Given the current political climate, it seems that everyone has a candidate or issue about which they are unwilling to bend. I see it in the candidate’s debates, in Senate floor speeches, and even in casual conversation. This “my way or the highway” approach has me a little perplexed. What ever happened to compromise?
a: settlement of differences by arbitration or by consent reached by mutual concessions
b: something intermediate between or blending qualities of two different things
or as my friend Julie says, “Sometimes we need to look at a compromise as both sides winning instead of a lose-lose situation.”
Compromise is one of the first things we teach our children when they are playing with their friends. Johnny wants to play with the truck, but so does Sally. We might say, “Let Johnny play with it for 15 minutes, then Sally can play with it.” Or we might try to find a way for them to play with the truck together (cooperative play). Why for goodness’ sake can’t we apply this same principle to politics and social issues?
But Teressa, you say, there are some issues I am not willing to compromise. I get that. It might be abortion, gay rights, the death penalty, or whatever. Sometimes our issues of personal morality conflict with someone else’s issues of personal morality. Obviously we can’t dictate another person’s morality, so then what?
This is where, I believe, the principle of “agree to disagree” comes in to play. According to Wikipedia, John Wesley was the first person to put the phrase “agree to disagree” in print. He used it in reference to his friend, George Whitefield. Wesley and Whitefield both helped found the Methodist church, Although they had differing views on salvation, they were still very good friends. In a letter to his brother Charles, after Whitefield’s death, John Wesley said:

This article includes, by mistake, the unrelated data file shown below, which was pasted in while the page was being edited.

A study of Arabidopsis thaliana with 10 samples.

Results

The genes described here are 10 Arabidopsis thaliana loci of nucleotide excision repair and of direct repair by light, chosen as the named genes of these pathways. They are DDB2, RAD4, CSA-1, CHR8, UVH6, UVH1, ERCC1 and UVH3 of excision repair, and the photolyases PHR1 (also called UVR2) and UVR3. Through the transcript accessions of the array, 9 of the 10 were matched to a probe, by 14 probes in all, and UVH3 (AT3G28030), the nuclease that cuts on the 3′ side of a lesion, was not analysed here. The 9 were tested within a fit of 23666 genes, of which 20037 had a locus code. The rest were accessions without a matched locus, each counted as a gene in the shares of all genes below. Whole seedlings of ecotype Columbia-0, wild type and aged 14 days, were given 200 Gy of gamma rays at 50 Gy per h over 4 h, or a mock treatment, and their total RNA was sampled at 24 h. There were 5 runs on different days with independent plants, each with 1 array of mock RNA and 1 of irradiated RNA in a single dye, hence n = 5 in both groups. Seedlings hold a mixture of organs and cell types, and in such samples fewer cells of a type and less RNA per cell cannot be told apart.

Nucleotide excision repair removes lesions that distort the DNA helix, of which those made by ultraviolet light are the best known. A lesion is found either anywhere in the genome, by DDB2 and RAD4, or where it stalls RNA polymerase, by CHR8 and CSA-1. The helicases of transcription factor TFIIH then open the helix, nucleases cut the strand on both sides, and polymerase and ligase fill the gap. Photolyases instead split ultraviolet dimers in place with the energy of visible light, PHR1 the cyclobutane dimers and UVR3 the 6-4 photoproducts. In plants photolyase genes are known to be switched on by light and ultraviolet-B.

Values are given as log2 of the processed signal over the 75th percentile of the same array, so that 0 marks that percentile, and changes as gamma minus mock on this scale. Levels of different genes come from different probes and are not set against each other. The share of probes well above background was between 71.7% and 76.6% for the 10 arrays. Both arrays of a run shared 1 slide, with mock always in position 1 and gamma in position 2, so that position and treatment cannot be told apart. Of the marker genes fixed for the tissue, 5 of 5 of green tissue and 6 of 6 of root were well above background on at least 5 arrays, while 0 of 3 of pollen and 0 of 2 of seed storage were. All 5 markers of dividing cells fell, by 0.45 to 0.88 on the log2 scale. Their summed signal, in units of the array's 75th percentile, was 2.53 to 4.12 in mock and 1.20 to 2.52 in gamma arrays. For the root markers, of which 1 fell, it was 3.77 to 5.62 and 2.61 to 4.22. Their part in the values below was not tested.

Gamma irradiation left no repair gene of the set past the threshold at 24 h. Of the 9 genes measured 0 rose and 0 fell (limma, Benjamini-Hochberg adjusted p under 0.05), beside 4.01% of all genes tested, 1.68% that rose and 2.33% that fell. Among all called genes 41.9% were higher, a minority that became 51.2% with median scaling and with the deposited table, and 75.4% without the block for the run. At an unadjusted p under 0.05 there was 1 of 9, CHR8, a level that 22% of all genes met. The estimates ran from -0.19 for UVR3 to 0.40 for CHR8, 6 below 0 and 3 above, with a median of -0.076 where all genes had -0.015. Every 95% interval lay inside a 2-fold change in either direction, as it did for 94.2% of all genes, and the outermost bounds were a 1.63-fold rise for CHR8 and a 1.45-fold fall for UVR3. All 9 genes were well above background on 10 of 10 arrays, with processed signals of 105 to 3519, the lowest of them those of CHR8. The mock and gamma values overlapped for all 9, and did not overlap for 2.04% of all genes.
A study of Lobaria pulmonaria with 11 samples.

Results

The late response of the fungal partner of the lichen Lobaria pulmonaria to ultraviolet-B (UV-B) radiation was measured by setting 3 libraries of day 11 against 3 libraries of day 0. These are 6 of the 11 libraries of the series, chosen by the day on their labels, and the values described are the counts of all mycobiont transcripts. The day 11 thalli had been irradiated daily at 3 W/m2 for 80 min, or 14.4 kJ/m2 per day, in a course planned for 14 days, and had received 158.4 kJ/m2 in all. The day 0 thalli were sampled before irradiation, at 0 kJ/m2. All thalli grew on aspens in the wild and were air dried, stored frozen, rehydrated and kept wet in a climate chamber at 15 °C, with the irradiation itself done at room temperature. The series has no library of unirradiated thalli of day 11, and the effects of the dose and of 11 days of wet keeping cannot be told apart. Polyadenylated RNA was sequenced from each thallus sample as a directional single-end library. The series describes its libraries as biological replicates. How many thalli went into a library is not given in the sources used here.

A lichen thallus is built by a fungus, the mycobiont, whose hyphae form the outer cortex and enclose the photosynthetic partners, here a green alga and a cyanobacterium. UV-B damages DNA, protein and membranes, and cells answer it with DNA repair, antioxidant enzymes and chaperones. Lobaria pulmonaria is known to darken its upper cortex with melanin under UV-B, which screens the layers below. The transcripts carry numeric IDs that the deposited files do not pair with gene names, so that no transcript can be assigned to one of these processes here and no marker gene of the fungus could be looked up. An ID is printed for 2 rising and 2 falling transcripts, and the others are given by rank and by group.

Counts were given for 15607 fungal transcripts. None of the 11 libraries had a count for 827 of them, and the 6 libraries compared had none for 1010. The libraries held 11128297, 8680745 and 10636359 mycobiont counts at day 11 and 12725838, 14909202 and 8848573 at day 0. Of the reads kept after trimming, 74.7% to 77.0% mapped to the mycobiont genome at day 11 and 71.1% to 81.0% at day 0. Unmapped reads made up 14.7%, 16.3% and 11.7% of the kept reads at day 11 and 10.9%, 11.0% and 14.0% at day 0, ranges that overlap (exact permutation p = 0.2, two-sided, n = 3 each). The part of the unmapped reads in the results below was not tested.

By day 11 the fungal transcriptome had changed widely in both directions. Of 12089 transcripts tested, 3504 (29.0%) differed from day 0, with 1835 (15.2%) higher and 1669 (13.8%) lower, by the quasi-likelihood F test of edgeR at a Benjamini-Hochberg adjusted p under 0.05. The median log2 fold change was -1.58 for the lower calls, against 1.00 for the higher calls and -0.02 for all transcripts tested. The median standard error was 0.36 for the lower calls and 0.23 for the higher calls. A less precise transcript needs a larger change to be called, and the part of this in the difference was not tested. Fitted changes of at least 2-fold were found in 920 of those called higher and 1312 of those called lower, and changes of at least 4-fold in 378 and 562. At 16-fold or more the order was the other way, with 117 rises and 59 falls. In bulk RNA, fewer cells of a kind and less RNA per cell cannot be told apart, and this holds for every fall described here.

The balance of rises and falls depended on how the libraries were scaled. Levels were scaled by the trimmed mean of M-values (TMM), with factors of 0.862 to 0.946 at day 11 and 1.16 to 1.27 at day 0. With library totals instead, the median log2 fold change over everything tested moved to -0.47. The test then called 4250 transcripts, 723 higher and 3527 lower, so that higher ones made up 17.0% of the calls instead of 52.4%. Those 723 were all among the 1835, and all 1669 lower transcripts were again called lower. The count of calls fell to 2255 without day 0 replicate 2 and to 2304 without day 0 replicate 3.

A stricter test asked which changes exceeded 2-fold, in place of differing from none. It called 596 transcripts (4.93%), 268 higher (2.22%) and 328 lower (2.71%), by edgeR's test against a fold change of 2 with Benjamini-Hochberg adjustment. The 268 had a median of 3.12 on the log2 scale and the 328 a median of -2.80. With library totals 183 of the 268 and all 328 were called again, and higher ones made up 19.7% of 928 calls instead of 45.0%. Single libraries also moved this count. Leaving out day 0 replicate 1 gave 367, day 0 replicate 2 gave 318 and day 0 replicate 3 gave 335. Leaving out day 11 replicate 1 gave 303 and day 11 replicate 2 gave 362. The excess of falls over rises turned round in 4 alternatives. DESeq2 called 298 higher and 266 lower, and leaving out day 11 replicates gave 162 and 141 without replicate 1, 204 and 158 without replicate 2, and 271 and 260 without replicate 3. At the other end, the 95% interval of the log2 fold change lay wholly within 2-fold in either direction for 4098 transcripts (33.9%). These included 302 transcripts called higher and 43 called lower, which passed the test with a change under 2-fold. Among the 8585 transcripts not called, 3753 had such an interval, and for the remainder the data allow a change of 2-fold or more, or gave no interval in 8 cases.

If you agree with me, well: if not, we can, as Mr. Whitefield used to say, agree to disagree.
Or again, from my very astute friend, Julie:
By agreeing to disagree you have reached a compromise of sorts. You have come to an understanding of where someone else stands and respect them enough to not continue to try and change their minds.
To our politicians, I suggest that “agree to disagree” may be used temporarily in the event of an impasse. Call it a timeout while both sides cool down. Discussion on the topic can then be resumed at a future date. “Agree to disagree” is not a quick-fix solution, by any means, and it is hard to be patient when we are trying to change injustice, but in a civilized society, it can be a useful tool for eventual change.
What do you think? Are you willing to agree to disagree? Let me know in the comments.
Teressa Morris is first, a wife and mom of two grown children (who can't seem to move out) and two furbabies. She writes about her family life, as well as causes that are dear to her heart, with recipes, reviews and giveaways on the side. Check her out at Window on the World.